Phylum: Arthropoda - Class: Insecta - Order: Lepidoptera - Family: Lycaenidae

Adonis Blue butterfly, Polyommatus bellargus

The Adonis Blue is rather less common in Britain than it used to be, and it is certainly one of the less widespread of the 'blues'. You can expect to see these pretty little insects on sheltered areas of chalk downland and dry scrubby wasteland in calcareous areas. The Adonis Blue can be seen in flight from mid May to the end of June and again from late July to mid September.

The females hardly justify the name 'blue'; they have chocolate brown upper wings with a blue suffusion that rarely extends to the margins.

Adonis Blue, underwing view

Males of the Adonis Blue are paler than females, but they vary considerably in the depth of the blue colouring on their upper wings.

Key identification features of the Adonis Blue are white outer edges of the wings that are crossed (checkered) by dark lines radiating to the edges; orange patches near the outer edges of the undersides of the hindwings. Underwing spotting is very variable, however, and many 'aberrations' have been described in the literature. (Several 'forms' were recognised in the past.) The challenge of identifying Adonis is made even more difficult by the promiscuous nature of these beautiful butterflies, which have been known to hybridise with other members of the Polyommatus genus.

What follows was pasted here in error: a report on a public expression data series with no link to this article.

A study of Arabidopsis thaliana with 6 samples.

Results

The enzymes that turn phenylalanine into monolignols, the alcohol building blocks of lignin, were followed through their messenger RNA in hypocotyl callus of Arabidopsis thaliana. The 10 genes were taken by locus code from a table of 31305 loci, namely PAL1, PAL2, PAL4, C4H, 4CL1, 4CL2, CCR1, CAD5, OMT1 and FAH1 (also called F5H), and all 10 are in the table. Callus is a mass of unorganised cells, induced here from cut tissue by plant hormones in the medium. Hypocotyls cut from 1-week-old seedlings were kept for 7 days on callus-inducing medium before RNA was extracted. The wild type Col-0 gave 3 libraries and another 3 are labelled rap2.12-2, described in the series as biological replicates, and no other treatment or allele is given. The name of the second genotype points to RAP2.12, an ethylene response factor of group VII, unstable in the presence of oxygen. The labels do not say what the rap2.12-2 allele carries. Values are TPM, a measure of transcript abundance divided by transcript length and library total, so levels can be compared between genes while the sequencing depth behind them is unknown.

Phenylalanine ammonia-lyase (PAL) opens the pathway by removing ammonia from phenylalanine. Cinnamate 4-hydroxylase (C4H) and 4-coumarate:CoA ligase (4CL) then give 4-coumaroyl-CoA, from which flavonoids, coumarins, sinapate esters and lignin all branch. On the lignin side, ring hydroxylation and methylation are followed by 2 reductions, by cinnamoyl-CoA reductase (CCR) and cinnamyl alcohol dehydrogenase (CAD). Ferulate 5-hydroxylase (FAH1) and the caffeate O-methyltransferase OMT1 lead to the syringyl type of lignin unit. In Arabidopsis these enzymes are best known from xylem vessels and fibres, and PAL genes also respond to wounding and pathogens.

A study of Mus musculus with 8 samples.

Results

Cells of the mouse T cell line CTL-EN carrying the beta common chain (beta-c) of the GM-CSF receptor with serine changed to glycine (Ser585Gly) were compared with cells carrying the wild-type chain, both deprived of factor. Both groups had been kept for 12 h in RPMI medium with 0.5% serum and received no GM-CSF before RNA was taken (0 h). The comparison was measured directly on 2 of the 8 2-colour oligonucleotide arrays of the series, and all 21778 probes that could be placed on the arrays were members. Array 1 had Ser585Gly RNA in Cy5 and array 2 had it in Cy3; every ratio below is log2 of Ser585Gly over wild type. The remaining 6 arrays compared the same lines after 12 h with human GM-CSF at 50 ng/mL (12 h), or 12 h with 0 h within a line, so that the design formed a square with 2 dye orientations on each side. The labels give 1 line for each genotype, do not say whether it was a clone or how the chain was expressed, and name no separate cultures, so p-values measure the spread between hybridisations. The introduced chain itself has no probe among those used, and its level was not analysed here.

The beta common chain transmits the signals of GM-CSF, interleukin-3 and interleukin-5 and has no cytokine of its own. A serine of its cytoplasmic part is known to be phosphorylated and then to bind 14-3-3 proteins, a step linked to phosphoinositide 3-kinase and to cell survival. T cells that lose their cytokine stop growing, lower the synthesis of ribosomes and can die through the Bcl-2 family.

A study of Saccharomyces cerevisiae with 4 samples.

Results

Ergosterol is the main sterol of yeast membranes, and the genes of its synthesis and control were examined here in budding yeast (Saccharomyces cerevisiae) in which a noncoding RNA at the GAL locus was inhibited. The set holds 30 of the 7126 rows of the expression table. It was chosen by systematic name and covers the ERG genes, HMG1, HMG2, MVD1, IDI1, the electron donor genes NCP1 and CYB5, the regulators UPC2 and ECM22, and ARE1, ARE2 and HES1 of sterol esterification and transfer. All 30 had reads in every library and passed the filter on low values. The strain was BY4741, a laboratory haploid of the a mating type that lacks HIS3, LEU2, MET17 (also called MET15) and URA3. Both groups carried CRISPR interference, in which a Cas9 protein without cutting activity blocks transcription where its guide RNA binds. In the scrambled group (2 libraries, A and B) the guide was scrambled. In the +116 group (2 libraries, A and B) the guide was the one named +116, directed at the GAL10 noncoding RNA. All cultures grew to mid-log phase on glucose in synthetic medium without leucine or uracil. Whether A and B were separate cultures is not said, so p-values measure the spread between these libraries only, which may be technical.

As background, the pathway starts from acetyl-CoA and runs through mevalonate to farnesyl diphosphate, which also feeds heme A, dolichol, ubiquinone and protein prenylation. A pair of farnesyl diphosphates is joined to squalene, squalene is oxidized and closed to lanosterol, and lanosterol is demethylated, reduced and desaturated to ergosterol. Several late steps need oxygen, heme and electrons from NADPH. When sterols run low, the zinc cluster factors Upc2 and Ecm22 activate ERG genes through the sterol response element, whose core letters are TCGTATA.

Distribution

In Britain the Adonis Blue occurs on chalk downland in southern England; it is not recorded in Ireland, Wales and Scotland. Elsewhere, this butterfly's range extends through central and southern Europe, and into parts of the Middle East.

Adonis blue, Algarve

The male Adonis Blue shown above was photographed in herb-rich short grassland near Monchique, in the Algarve region of Portugal.

Adonis Blue, underwing view, Querence, Algarve

Lifecycle

The larval foodplant used by the Adonis Blue in Britain is Horseshoe Vetch Hippocrepis comosa.

In Britain the Adonis Blue overwinters in its half-grown larval state. The pale green caterpillar have yellow stripes running along the length of their bodies; they produce a honeydew-like liquid on which ants feed. To protect their food suppliers the ants in turn ward off predators that might otherwise eat the caterpillars or their pupae.

The chrysalis of the Adonis Blue Butterfly is olive green or olive brown. The larvae and pupae are attended by ants that sometimes bury the larvae in dry soil or drag the chrysalises into their anthills, from where the adult butterfly eventually emerges.

In southern Britain there are two broods, with the the first brood of Adonis Blue butterflies emerge in late May and early June and can be seen flying until late June. The second brood flies from early August until late September.

Acknowledgements

This page includes pictures kindly contributed by Anne Horsfall and Rob Petley-Jones.